In Loren Eiseley's popular story, "The Star Thrower," a man who often walked along the beach spent hours scooping up starfish and tossing them into the sea before they dried out and died.
Someone asked him, "Why bother? With thousands of starfish and miles and miles of beach, one man could never make a difference." Holding a starfish in his hand, the man simply answered, "It makes a difference for this one."
In Nadia Khristean's song, "One Starfish," a young girl and farmer have a similar conversation. The girl explains that even though we can't help everyone, "there is so much we can do." Many people would argue that small courtesies don't make a difference, but that's just not true. As the song teaches, the seemingly insignificant acts do matter. Here is why:
They soften our hearts
One freezing winter afternoon, I stood frustrated in a grocery store parking lot. The back hatch on my car was drooping lazily and refused to stay up. As I tried unsuccessfully to hold the hatch open with one arm and load groceries with the other, a woman walked up. She cheerfully held up the hatch so I could load my many grocery bags. It was a tiny favor, but it meant the world to me in that moment. This stranger's unexpected kindness melted my heart.
Even the smallest favors, like holding open a door for the person behind you, show goodness and courtesy. We all appreciate such favors. They help us feel respected and valued.
They humble the recipient
Maybe you're one of those independent souls who is hesitant to ever accept help. Don't be a good deed Scrooge! Be a willing recipient. Give someone the opportunity to perform a nice deed. Kind acts enrich the life of the giver, and they help the receiver (you) learn that it's OK to lean on people. Kind acts help you build connections with others.
The next time a friend offers to mop your floors, don't deny her the opportunity. It's a "win-win" — you'll get sparkling new floors and proof that someone cares, and your friend's heart will fill with the joy of service.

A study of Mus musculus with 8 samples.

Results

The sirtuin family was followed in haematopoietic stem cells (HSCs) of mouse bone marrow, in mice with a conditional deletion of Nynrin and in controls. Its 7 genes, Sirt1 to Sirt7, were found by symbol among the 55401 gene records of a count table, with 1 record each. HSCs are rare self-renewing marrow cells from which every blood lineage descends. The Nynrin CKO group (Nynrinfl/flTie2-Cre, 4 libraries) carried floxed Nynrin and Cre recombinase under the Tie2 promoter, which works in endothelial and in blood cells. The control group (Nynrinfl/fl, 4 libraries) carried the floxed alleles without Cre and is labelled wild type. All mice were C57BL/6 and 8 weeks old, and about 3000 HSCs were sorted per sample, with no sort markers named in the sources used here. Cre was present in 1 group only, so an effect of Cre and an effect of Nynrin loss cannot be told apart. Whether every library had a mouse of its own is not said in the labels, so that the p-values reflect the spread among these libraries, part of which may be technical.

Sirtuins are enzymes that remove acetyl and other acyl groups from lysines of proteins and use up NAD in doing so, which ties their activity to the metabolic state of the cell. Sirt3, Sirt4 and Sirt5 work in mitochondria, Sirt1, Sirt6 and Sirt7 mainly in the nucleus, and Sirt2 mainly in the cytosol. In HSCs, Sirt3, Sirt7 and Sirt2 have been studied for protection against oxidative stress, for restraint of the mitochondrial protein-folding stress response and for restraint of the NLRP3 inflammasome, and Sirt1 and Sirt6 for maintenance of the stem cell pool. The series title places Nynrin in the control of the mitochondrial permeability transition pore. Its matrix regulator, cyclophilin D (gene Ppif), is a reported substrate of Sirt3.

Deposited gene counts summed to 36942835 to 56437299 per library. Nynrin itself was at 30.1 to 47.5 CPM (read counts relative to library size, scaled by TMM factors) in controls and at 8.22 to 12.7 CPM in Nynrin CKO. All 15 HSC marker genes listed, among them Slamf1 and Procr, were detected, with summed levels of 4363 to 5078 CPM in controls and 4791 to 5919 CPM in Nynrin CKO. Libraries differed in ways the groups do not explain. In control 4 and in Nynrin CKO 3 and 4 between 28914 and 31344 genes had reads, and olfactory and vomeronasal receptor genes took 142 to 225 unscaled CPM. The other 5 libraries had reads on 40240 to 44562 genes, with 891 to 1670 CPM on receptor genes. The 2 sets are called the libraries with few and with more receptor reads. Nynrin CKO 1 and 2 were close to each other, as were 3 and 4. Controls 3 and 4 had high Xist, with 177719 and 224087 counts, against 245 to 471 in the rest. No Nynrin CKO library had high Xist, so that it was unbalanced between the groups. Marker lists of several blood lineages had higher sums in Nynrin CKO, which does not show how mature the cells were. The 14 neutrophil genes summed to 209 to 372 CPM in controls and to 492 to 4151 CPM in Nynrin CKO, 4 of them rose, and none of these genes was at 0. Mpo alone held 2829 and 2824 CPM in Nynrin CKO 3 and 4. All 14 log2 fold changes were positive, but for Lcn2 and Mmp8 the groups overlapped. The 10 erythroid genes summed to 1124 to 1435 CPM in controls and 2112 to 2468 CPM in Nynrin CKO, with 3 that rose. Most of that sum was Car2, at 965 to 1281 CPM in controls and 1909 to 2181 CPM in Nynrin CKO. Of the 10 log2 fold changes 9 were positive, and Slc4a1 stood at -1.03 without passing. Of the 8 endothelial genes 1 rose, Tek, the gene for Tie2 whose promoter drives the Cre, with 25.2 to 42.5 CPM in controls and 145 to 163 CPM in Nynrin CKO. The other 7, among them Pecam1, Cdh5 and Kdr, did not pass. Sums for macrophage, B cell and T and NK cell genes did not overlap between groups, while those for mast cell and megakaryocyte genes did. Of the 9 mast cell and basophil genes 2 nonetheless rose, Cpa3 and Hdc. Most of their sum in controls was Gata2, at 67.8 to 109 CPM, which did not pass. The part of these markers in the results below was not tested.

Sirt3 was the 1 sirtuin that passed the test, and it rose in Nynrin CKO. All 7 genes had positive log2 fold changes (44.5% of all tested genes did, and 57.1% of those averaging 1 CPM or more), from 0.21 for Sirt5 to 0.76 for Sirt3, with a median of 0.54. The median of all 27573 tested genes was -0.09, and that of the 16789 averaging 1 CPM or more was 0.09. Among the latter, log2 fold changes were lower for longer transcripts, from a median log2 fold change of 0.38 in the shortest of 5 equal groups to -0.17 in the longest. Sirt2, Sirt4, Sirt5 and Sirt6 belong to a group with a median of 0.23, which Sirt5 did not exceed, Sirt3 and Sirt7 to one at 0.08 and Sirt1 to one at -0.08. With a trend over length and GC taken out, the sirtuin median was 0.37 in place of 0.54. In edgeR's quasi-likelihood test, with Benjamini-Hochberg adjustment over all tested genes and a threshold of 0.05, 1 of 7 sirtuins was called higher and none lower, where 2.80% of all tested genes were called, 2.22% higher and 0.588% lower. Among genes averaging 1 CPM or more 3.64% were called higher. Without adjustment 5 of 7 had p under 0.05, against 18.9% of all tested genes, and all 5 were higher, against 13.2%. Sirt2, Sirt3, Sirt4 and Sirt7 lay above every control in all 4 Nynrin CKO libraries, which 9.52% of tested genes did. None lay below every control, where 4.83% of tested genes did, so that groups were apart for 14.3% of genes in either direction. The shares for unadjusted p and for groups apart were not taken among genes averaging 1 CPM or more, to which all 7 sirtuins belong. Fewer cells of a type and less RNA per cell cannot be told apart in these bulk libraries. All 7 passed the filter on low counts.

They change lives
A mother named Lauren Casper shares the following story. Frustrated by her screaming toddler and baby, Lauren hurried out of a store with her husband and two children in tow. As a white parent to two adopted black children, Lauren normally didn't mind standing out, even with the children's physical and developmental challenges. On this day, though, the tired mom yearned to get home without calling even more attention to her family.
When a store employee called, "Ma'am!" and followed the family to their car, Lauren expected to hear that she'd dropped or left something behind. Instead, a young black woman handed her a bouquet of flowers. The woman explained that she had been adopted as a baby and her life had been wonderful. "We need more families like yours," the store employee said.
This experience boosted Lauren's heart. She said, "On a day when I felt like we were the worst example of a family … a day when I hoped no one noticed us … she did. But she didn't see what I assumed everyone was seeing. She didn't think what I assumed everyone was thinking. She saw beauty and love and hope and family." Lauren continues, "I wish I could go back and tell her, two years later, what her gift continues to mean to me today."
Kind acts also affect our children. Kids soak in their surroundings. Whether parents are givers or recipients of kindness, children are taught by their parents' examples.
The key is to be observant and attentive to those around us. Don't hesitate to pick up your neighbor's garbage or pay for an elderly couple's meal. It sounds naive, but we can all make the world a bit friendlier. Your small act of kindness could brighten a day or change a life.